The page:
Readers questions answered (#ff @MurphyRichards because he’s awesome)

I have been receiving a lot of emails this week with various questions, I will try to answer some of them here.

Murphy, I’m a big fan and love your blog. Is it illegal to do something immoral? D Gauke, London

The answer is yes.

If you do something that is immoral and illegal, it is illegal by virtue of the fact that it is illegal. However, if you do something immoral but legal, it is illegal by virtue of constituting cheating.

You would expect something immoral to be illegal. The fact that it is not is just a failure of Parliament to write down what it clearly intended. By exploiting the loophole that Parliament omitted to write down what it intended, you have committed the criminal offence of cheating.

I think you will find this legal analysis will stand up in a court.*

What distinguishes Justice for Taxes from its inferior cousin tax justice? M Meacher, London

Justice for Taxes is the original and best brand of justice of a tax nature.

“Tax justice” implies vigilantism imposed through the tax system, whereas “Justice for Taxes” expresses a desire to have taxes recognised as a special form of returning ownership of property to the state.

Also, I believe that the tax justice network is a spoof website run by satirical authors with the sole purpose of boosting sales of their books.

Why do you keep having a go at Margaret Hodge? Do you fancy her or something? R Oppenheimer, The Cayman Islands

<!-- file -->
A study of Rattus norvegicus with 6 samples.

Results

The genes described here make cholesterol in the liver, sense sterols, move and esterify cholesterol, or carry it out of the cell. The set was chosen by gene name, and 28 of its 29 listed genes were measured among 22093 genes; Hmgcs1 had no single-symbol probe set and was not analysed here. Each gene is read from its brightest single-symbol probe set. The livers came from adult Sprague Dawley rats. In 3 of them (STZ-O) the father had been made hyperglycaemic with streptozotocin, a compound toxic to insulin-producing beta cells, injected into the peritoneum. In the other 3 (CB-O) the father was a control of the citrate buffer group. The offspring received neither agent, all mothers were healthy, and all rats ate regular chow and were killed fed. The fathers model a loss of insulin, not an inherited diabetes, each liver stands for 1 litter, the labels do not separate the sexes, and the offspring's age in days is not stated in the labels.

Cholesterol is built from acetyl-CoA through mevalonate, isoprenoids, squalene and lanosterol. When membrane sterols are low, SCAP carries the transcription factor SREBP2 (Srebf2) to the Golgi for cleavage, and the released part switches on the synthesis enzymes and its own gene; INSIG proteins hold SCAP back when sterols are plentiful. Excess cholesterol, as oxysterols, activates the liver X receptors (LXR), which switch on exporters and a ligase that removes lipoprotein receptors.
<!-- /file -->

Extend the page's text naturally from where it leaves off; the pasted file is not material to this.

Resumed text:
I do not “have a go” at Margaret Hodge. She just happens to be involved in the intellectual debate on tax avoidance.

She has provided me and my views with a great deal of support and publicity. She has helped me to dismiss the stupid idea that corporation tax is not a tax on turnover and provide parliamentary authority on the idea that transfer pricing rules are only ever used for tax avoidance, even though this has implicated her own family’s business, Stemcor.

Of course, we were able to show that this was not tax avoidance because corporation tax is actually a tax on profits and transfer pricing rules are there to prevent abusive intragroup arrangements, not enable them.

As the chair of Public Accounts Committee it has been completely appropriate for her to overstep the bounds of that role and call for the boycott of a company that has not paid tax on its turnover and used transfer pricing rules. That company being Starbucks. Not Stemcor.

Have my solicitors contacted you yet to sue you for defamation? S Richie, address supplied

I am not legally allowed to comment on that matter.

You are such an expert on tax. How do I become such a tax expert as you? R Murphy, Norfolk

That is a very good question. You should buy my books, State of Courage and The Joy of Being a Tax Expert.

Why are you unable to publish your tax gap calculations any more? You keep saying that the tax gap is exactly what it was in 2008? Is it because you realised how unreliable your methodology is and can’t figure out how, or cannot be bothered, to fudge the figures any more? B Barber, London

No. You clearly did not understand the methodology and are a neoliberal sophist. Stop trolling me.

*Not necessarily a court of law though.